On Tuesday, February 11 2020, the world marked the International Day of Women and Girls in Science. It is a day set aside by the United Nations for reflection on the place of women and girls in science and the need to work towards improving women’s access to STEM courses.

According to the United Nations’ observances on the International Day of Women and Girls in Science, in spite of the tremendous efforts of the global community in the past 15years, only about 30 per cent of researchers are women, worldwide. UNESCO data (2014-2016) further revealed that only around 30 per cent of female students choose Science-affiliated courses in higher education. These statistics show that women and girls’ enrollment and practice in science needs improvement, globally.

To rise to 21st Century challenges, the place of women is non-negotiable and there is a pressing need to harness their full potential. Improved participation of women and girls in science are vital for the achievement of relevant Sustainable Development Goals by 2030 and this entails tackling age-long biases and gender stereotypes that currently discourage their involvement.

As the world marked the 5th International Day of Women and Girls in Science Day on Tuesday, it was an opportunity for Nigeria to reflect on the importance of science and technology to the attainment of development. We should have looked at the (un)available data on human resources in medicine, anatomy, physiology, Archeology etc. of female students and practitioners and rise to the challenges of improving the teaching and learning of the sciences.

There has to be a concerted effort to encourage science education at all educational levels. The 6-3-3-4 system of education was designed with an emphasis on science and technical education. However, the implementation is poor so far as the annual budgetary allocations and the policy document are not commensurable. A high number of schools lack laboratories while the few lucky ones have little to no equipment or manpower, to facilitate the acquisition of knowledge in science.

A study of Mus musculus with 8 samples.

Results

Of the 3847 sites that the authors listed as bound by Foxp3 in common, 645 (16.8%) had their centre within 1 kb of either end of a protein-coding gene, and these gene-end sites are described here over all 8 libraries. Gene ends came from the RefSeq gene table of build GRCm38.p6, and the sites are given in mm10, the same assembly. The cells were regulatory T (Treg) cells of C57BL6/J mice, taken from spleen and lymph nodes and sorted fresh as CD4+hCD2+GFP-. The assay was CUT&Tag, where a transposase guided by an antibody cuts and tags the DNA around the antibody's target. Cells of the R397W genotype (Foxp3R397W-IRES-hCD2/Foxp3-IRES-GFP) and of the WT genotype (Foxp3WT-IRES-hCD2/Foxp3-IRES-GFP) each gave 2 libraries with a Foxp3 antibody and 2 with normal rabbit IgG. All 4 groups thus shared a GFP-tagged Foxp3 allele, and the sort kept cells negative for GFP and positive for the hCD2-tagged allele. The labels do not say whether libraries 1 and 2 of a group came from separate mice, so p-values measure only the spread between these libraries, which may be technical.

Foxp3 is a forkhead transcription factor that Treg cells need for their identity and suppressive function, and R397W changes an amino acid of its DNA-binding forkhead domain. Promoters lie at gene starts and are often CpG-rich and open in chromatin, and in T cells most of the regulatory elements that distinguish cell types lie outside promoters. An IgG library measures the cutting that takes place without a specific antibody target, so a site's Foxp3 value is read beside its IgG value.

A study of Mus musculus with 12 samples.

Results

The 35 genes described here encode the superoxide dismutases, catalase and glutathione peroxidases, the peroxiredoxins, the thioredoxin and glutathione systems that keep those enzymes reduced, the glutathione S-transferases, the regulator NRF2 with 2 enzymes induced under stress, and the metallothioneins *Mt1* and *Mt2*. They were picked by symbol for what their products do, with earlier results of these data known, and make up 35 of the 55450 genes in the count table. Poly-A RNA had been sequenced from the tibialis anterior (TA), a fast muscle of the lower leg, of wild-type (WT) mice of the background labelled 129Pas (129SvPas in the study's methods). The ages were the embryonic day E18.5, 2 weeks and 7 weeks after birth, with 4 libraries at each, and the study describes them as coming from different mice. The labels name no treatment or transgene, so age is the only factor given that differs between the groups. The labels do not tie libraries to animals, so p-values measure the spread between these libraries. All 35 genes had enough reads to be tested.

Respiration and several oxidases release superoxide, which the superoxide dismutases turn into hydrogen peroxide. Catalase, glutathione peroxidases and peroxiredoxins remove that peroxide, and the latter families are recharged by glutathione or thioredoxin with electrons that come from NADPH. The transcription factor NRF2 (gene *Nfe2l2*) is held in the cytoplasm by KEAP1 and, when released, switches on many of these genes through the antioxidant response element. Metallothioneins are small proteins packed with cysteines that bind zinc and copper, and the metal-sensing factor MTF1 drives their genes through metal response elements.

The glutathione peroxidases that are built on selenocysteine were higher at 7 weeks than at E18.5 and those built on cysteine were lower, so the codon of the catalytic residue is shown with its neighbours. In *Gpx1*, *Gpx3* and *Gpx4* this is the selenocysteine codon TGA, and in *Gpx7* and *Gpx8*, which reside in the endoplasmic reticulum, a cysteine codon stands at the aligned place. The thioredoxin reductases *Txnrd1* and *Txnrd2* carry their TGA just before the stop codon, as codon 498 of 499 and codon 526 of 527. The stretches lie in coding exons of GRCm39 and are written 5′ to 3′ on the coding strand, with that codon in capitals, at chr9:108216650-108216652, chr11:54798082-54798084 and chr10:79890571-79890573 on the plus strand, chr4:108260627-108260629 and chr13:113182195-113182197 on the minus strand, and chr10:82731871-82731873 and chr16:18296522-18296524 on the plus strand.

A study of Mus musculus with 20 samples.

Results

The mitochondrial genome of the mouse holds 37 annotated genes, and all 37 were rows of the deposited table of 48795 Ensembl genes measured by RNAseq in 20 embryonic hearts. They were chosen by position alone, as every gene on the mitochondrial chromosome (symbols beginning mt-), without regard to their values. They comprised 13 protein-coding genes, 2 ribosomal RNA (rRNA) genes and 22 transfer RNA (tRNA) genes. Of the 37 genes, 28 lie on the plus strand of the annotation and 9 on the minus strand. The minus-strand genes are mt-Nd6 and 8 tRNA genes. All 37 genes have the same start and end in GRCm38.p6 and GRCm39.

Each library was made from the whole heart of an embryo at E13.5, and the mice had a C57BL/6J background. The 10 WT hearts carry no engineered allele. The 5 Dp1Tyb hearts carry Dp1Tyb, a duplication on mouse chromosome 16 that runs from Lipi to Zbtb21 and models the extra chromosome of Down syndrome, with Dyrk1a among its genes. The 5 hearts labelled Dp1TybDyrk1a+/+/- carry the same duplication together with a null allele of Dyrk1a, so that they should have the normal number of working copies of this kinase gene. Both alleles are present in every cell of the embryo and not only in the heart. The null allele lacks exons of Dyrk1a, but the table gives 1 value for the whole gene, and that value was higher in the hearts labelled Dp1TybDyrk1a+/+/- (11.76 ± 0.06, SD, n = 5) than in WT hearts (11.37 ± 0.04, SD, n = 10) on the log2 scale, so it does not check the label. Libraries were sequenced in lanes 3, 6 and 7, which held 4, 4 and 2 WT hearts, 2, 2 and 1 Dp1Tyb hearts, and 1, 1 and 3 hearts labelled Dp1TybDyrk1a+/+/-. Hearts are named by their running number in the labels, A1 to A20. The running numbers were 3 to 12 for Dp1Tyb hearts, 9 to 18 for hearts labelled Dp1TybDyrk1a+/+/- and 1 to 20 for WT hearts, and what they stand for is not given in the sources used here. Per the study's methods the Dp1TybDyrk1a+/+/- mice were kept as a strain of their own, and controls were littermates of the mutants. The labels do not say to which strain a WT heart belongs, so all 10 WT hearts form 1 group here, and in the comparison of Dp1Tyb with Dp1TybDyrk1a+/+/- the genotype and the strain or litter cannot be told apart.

In the face of the humbling statistics of out-of-school children in Nigeria which Girls constitute over 75%, the establishment of Girls Science Secondary Schools has not been significant in exposure of girls to study of sciences. As it is with the common schools, the special colleges and institutions are not well-funded. They also pale in numbers to cater for provision of this kind of education in contrast to the growing figure of girl-child in Nigeria. The combination of these factors leads to frustrations for aspiring female student scientists and abandonment of their ambitions. We are not doing well either in providing an enabling environment for women researchers, too.

However, as the international community gathered to mark this special day again, Nigeria should defeat complacency and put in place pragmatic measures to help the girl-child learn the sciences so as to enable the rise in numbers of female researchers towards building a socially, economically and technologically developed nation. The government at the federal and state levels need to accord (female) education more priority. It is imperative to increase the number of special science schools equipped with facilities for learning and teaching. Excelling female students in sciences should be encouraged with prizes and scholarships. The government (s) should also be involving female scientists in the development and implementation of STEM-policies.

Groups, associations and other stakeholders in Science education and practices should facilitate more engagement in national and international collaborative scientific research for women in STEM.

In the same vein, NGOs and interested socio-bodies must deepen efforts in encouraging young girls to develop interest in science-based courses. This can be done with awareness campaigns and advocacy on gender equality. The world needs to conquer the problematic issues of stereotypes. We can no longer shy away from the myth that STEM- endeavour is considered exclusive rights of men in large parts of Nigeria and Africa.

As Africa and the rest of the world work to achieve the Sustainable Development Goals in 2030, we must come around to the understanding that improved participation of women and girls in Science, Technology, Engineering and Mathematics may determine the success (SDG 4 and 5) in Nigeria. Therefore, it is time to take women empowerment and girl-child education seriously.